Researchers have long used birdsong as a prime example when studying the complexities of speech. But a new study based on orangutans attempts to change that and shed some light on how humans acquired the ability to make more than one vocal sound at a time.
The researchers spent a massive amount of time observing and recording the great apes in the wild – some 3,800 hours in Borneo and Sumatra within range of the animals. What they found connects present-day beatboxing sounds to early human language.
Read More: How Closely Related Are Humans to Apes?
The Language of Orangutans
With the females, the researchers recorded “kiss squeaks,” or loud sounds the apes made as they pressed their lips together. The apes also made “rolling call” vocalizations, which they often did at the same time. That’s what the team was ultimately looking for, examples of “biphonic calls,” of which they recorded 293 from five different females. Orangutans use kiss-squeaks to ward off threats, and they sometime shake tree branches to emphasize their point.
With the male apes, the study recorded their “chomps” and “grumble” sounds, which sound like a car revving to start. On a frequency spectrogram, the researchers watched as the chomps, produced by the mouth, registered a high frequency, while the vocalized grumble produced by breath and vocal cords registered a low one. The grumble pattern carries on, repeating quickly, and can indicate annoyance or sometimes pleasure.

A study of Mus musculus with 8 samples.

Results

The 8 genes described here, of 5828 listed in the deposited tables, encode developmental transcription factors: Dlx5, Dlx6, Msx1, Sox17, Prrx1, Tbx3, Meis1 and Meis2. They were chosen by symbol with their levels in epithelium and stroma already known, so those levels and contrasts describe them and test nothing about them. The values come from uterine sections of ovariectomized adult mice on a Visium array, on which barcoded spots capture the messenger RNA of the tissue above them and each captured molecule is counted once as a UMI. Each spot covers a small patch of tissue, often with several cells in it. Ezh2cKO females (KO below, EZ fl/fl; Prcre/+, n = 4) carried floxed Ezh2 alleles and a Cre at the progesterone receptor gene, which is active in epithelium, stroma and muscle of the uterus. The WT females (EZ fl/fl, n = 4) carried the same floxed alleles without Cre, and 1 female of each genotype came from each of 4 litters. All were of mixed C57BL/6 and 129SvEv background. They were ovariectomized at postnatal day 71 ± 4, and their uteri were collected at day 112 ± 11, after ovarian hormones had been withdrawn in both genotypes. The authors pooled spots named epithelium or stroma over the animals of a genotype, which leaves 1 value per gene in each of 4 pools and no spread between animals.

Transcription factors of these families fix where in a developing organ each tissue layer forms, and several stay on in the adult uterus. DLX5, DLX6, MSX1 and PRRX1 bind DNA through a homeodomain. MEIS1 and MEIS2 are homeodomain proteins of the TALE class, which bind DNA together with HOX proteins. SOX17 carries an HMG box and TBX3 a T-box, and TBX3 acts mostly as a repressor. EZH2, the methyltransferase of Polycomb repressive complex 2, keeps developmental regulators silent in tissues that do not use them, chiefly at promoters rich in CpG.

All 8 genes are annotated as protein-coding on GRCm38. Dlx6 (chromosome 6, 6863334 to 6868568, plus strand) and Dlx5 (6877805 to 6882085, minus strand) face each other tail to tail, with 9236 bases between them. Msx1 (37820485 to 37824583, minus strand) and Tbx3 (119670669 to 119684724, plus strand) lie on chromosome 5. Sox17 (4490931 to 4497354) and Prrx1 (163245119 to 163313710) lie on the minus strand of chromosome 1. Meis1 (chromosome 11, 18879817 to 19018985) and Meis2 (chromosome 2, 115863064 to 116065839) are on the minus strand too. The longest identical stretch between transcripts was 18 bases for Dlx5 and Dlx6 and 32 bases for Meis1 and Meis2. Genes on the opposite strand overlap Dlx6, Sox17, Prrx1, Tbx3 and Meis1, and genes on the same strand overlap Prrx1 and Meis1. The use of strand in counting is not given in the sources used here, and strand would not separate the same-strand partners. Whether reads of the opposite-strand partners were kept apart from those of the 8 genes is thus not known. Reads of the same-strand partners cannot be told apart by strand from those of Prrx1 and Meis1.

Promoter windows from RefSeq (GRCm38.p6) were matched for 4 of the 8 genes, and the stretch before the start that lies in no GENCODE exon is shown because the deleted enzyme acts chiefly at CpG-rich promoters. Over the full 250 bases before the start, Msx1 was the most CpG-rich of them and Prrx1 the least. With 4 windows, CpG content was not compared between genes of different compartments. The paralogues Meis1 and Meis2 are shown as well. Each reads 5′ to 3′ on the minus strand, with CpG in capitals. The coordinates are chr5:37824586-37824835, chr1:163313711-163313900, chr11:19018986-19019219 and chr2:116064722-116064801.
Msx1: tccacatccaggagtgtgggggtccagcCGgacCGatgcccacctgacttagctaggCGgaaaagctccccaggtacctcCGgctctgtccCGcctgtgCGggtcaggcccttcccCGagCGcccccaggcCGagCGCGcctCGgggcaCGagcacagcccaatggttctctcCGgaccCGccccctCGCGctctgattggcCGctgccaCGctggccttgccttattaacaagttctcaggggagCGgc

Biphonic Sounds and Human Language
Human speech works along similar lines, the researchers say, as we use the lips, tongue and jaw to make more subtle “unvoiced” consonant sounds. “Voiced” sounds come from the vocal cords, which we use to pronounce vowels. Meanwhile, certain human artists like beatboxers, combine these two abilities to mimic the sounds of hip hop in remarkably complex ways.
The researchers wonder if humans may have once used an ability similar to beatboxing in place of modern language.
“It could be possible that early human language resembled something that sounded more like beatboxing, before evolution organized language into the consonant-vowel structure that we know today,” says Adriano Lameira, an associate professor at the University of Warwick, in a press release.
This early language may have begun with one of our distant predecessors, a now-extinct hominid who had a special neurological aptitude.
“The very fact that humans are anatomically able to beatbox raises questions about where that ability came from,” he says. “We know now the answer could lie within the evolution of our ancestors.”